Happy winter everyone, I hope you all had a great Thanksgiving and enjoyed time with family, and I wanted to send out a reminder that there are still plenty of great fishing opportunities happening around town and across Washington State.
Puget Sound Crabbing
I feel blessed to be able to get another shot at Dungeness Crab, long after most people give up on launching their boats on Puget Sound. Crabbing has been steady and productive in open areas. Seattle and all points north are open to winter crabbing, 7 days a week through the end of the year, or until further notice. Check out: WDFW Crab Seasons. Keep an eye on the weather, but get out and enjoy a crab boil with the family!
Puget Sound Squidding
This used to be a “sleeper” opportunity, but no longer. Squid migrate into Puget Sound during winter months and mass around our local waterfront in great numbers. Boaters can motor around the Edmonds, Mukilteo, Seattle and Tacoma waterfronts and mark large schools and do some serious damage. After sunset, it’s all about the lights! These large schools migrate towards pier lights and become and easy target for pier based squidders. With a generous 10-pound-per-person limit, one or two successful outings puts you ahead with a freezer full of squid for calamari appetizers!
Washington Steelhead Fishing
December is traditionally the kickoff for the Washington winter steelhead season. We were recently served some harsh realities for the state of Wild Steelhead on our beloved Olympic Peninsula rivers, but there are some really promising fishing opportunities for those of us that are looking to hit the river. Early winter is primarily a time to target hatchery steelhead, those that we can catch and keep. On the Washington Coast, many of our favorites will be closed down to protect struggling wild stocks, but you can still get out and fish on the lower Hoh, lower Bogachiel, lower Calawah and lower Salmon Rivers. Check out this WDFW post for the full coastal view: Coastal Steelhead Season Update. Seattle area rivers offer another great opportunity. Hit up the Green, Snoqualme and Skykomish Rivers.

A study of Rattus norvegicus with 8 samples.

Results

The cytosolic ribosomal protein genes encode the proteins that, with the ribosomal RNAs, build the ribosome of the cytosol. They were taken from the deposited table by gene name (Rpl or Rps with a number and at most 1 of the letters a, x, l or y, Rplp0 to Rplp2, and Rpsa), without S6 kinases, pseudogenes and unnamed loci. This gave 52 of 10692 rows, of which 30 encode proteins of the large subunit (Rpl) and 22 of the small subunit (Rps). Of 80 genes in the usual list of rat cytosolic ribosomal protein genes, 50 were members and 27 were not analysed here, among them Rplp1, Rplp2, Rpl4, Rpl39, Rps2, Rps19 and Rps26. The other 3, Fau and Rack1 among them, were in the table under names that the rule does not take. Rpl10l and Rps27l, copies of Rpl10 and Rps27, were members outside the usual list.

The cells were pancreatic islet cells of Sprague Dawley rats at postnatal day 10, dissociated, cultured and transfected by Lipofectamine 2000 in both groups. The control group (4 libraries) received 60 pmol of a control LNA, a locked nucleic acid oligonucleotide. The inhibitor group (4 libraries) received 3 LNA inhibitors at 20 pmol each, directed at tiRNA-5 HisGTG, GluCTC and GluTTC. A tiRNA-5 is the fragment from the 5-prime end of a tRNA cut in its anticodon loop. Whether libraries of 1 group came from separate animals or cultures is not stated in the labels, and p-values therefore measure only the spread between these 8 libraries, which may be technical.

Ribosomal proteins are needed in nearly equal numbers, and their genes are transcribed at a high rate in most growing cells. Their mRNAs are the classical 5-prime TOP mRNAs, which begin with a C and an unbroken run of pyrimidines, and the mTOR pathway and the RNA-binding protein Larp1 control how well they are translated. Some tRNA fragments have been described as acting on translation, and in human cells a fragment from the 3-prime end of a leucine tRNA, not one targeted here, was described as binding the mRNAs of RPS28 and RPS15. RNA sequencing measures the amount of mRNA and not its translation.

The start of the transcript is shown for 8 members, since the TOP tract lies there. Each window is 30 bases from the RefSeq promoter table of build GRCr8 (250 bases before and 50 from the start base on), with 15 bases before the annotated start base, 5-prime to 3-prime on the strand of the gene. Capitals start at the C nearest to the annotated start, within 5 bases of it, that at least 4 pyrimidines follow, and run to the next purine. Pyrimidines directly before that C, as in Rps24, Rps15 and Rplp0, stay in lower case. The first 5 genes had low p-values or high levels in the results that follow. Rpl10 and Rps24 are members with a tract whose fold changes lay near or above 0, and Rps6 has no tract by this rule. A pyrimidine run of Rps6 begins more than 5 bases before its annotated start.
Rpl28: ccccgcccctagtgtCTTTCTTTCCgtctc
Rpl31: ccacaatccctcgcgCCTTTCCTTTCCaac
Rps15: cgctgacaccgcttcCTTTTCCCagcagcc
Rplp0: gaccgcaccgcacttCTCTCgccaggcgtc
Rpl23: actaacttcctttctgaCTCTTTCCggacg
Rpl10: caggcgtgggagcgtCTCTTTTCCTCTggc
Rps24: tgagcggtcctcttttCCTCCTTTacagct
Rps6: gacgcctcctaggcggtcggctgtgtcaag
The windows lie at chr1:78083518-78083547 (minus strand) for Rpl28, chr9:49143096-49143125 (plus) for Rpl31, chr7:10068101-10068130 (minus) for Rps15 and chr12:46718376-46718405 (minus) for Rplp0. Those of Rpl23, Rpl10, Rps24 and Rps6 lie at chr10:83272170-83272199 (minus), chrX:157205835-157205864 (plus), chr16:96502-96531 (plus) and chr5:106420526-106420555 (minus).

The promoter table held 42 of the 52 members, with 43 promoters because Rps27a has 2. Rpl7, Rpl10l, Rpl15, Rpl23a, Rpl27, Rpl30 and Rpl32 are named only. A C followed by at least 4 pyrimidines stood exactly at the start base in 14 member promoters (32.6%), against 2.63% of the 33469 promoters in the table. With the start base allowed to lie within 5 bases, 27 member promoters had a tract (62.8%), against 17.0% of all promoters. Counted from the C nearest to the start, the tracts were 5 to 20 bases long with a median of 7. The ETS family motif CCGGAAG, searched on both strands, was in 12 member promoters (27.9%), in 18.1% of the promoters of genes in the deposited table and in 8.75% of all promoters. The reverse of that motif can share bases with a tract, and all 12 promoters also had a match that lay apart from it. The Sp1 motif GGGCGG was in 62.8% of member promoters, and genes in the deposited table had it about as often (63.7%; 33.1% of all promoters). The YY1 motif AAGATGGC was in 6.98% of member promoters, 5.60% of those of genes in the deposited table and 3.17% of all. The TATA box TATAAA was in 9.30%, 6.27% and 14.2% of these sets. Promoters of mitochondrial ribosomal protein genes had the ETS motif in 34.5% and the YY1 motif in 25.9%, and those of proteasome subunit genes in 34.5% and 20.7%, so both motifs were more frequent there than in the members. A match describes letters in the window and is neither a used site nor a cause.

Local Seattle Lake Fishing
Seattle area lakes offer a great option for all of us to enjoy an easy fishing option without making a trek halfway across the state. Our largest local lakes, Lake Washington and Lake Sammamish, have offered pretty darned good fishing for Cutthroat Trout. Trolling is the primary tactic, and fishing with a dodger and worm-harness, a small wiggling plug like a Maglip, Rapala or Kwikfish, or a trolling spoon have all been productive. While these are well known fishing locations, the boat launches are quiet and the few boats that head out can find solitude on these big bodies of water. Smaller local lakes have been recently planted with catchable Rainbow Trout, and you can easily get information on plants here: Fish Black Friday for big rainbow trout. Great for both small non-motorized boats and bank anglers alike.
Washington Coast Razor Clamming
Washington’s coastal beaches are loaded with Razor Clams. Due to the abundance, clam limits have been increased for the first time in decades, from 15 daily per person to 20. This abundance and favorable health of the population (no current concerns for biotoxins), has led to a very generous number of open days, basically every day that has a low enough tide level has an opener! Check out WDFW Razor Clam Seasons for openers on the Washington Coast.